The recent decision by the city of Perryville to suspend curbside recycling has caused me a certain amount of sorrow. I have read for months of how the worldwide recycling market has been in turmoil and so I was not surprised by the city’s move, but I was sorrowful. Perryville is the first place we have lived that had curbside recycling, and so we have been very devoted in our recycling. That will not change; we will just have to take the extra step of delivering our recyclables, at least for a while. But it got me to thinking about how reducing, reusing and recycling seem to relate pretty closely to the Christian life.

“Reducing” refers to lowering the amount of something we use - water, electricity, or some product. Reducing is good. Keeping the blinds closed on the sunny side of the house reduces the electricity we use. Driving more slowly reduces the amount of gas we use, or so I am told. But how about reducing when it comes to our walk with God? One area we can reduce is speech. Proverbs 10:19 tells us, “The more talk, the less truth; the wise measure their words.” Ouch! I don’t think the Bible is telling us not to walk, but we certainly need to measure our words. What if I reduced the percentage of useless and wasted words? Proverbs 16:27 is even more blunt: “Idle hands are the devil’s workshop; idle lips are his mouth piece.” How are my lips idle? Maybe they are idle when they are not being employed in ways that are productive and helpful. What if my lips are idle when they do not say the positive and kind words I had the opportunity to say and I blew it? What if my lips are idle when I use them to say things that were better off not said?

“Reusing,” when it comes to environmental concerns, means to use something over, again and again. One example is the drinking fountains the Perry Park Center installed a few months ago. You can lean over and drink from a stream of water, but you can also stick a water bottle underneath a faucet and refill the bottle. And so a bottle or other container can be reused many times and prevent many bottles or other containers from being uselessly tossed in a trash can. And God is an awesome reuser of people and their talents and abilities. King David in the Old Testament is a great example of God’s willingness to reuse people that we would think broken and beyond repair. David was involved in a selfish act of adultery, followed by arranging the murder of the husband of his lover and trying to cover up all of this sad chain of events. But God brought the prophet Nathan face to face to David to confront him with his sin. This encounter brought David to confession and repentance. And Nathan announced that God would reuse David: “The Lord has taken away your sin. You will not die” (2 Samuel 12:13). Take heart! God did not create junk, and he can even take those we consider to be junk and reuse them for higher and nobler purposes.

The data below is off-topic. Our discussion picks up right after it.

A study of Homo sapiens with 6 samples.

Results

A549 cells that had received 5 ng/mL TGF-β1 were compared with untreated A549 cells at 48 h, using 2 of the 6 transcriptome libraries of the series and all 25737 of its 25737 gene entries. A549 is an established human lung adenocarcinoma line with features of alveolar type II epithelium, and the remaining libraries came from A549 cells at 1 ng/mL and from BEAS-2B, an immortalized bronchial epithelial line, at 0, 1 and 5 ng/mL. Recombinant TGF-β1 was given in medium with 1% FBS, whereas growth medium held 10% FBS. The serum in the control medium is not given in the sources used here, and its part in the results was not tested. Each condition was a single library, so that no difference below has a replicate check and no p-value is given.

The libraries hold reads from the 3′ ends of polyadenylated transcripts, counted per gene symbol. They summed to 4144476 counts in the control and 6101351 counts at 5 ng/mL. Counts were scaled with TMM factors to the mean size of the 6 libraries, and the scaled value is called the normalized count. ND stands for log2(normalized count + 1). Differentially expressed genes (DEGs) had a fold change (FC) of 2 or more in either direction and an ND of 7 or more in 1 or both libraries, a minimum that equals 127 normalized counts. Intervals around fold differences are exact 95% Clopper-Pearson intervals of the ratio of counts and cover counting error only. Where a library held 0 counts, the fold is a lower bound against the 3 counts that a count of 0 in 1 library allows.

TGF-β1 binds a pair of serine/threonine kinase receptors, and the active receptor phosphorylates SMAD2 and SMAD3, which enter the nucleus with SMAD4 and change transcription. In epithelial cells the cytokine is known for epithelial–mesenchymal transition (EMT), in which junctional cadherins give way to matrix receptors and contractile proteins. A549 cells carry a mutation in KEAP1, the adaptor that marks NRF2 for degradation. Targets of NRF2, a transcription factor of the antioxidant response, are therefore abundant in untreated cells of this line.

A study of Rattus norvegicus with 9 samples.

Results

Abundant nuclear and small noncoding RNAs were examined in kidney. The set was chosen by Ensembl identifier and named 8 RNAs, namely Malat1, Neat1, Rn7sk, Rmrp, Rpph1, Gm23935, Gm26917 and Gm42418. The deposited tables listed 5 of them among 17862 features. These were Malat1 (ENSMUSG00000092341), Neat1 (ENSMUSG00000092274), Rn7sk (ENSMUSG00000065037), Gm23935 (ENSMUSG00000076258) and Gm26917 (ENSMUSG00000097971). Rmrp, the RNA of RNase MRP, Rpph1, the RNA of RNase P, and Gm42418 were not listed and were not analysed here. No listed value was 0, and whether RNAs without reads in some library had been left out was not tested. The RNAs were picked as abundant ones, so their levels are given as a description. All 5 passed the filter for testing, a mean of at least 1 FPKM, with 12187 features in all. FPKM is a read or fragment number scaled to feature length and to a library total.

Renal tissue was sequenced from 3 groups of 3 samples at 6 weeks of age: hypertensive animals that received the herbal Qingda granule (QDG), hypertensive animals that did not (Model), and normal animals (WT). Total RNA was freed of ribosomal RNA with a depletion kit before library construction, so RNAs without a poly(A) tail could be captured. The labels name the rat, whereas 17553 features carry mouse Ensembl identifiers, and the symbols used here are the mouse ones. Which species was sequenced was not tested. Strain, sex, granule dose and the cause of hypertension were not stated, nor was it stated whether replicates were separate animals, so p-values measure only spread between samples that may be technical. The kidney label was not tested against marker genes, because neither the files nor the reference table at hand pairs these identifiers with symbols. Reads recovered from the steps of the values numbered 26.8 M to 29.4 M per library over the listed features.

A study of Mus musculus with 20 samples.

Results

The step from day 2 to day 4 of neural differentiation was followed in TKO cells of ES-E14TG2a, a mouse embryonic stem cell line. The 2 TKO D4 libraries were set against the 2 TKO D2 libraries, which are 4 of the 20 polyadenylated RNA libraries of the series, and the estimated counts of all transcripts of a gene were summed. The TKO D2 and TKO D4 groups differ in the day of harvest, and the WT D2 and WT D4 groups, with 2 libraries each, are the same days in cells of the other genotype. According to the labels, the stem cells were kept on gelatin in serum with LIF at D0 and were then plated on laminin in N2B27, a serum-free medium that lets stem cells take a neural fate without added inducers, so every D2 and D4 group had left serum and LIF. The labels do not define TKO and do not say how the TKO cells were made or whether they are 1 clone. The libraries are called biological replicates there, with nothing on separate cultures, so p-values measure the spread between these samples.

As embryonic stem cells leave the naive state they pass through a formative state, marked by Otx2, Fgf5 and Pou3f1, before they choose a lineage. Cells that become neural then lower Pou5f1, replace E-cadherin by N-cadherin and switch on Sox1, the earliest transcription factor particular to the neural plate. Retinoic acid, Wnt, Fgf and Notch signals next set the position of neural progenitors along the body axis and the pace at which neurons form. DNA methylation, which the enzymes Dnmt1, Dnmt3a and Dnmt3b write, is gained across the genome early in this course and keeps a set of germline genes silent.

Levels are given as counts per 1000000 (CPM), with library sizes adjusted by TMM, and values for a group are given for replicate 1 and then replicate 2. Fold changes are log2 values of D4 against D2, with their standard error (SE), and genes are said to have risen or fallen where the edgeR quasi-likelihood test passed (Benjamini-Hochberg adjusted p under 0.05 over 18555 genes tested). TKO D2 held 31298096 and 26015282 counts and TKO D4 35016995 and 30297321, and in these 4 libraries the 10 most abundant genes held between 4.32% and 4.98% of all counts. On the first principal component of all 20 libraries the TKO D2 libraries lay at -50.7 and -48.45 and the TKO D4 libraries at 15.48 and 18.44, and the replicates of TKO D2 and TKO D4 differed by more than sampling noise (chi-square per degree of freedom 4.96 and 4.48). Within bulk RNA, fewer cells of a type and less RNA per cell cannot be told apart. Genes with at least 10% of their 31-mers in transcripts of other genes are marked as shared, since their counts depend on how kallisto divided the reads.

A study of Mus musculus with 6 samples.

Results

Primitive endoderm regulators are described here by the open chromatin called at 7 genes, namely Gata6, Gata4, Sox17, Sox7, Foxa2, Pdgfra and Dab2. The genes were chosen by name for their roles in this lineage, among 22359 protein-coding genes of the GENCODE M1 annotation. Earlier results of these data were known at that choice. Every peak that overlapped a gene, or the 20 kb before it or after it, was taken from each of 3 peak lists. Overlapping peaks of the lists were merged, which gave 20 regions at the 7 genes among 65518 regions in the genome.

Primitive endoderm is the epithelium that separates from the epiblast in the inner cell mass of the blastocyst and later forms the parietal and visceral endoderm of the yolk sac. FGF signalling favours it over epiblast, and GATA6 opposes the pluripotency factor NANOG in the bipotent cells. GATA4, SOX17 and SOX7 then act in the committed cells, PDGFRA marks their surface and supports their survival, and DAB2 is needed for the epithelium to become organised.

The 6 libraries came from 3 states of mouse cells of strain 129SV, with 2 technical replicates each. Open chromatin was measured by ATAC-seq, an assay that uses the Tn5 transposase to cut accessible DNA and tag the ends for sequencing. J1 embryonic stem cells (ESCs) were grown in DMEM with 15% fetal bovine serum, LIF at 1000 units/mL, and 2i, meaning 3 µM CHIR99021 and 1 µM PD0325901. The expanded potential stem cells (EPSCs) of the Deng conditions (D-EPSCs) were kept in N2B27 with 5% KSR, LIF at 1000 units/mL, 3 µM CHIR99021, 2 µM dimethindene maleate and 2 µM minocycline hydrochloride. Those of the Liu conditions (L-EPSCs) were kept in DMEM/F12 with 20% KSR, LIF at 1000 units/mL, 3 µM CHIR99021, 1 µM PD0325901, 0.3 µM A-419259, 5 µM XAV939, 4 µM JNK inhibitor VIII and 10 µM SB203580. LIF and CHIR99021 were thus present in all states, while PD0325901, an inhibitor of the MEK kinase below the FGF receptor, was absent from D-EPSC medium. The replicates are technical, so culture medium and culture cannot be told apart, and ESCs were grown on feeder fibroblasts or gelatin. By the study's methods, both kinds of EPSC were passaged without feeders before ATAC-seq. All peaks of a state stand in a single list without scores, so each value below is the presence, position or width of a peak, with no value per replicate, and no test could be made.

And then we have recycling. This is when we take something no longer useful and make it useful again. It may have a different shape and size, but it once again has a purpose. I read something a few months ago about how, over in Europe, a company was turning plastic bottles into road paving material. Hopefully, some companies here in the United States are working on that. And God recycles people who are no longer useful and makes them useful again in the life-changing event of conversion. He takes lives that are damaged in ways that we could never repair and makes us useful again, even better than we were before. God tells us, “I am making everything new” (Revelation 21:5)! And that is what he did with me. He took the raw material he had created and I had misused and twisted, and he recycled that into something new.

Reduce, reuse, recycle. Good words when we talk about the environment. Even better words when we are talking about how God works on us. Will you let him do that work in you?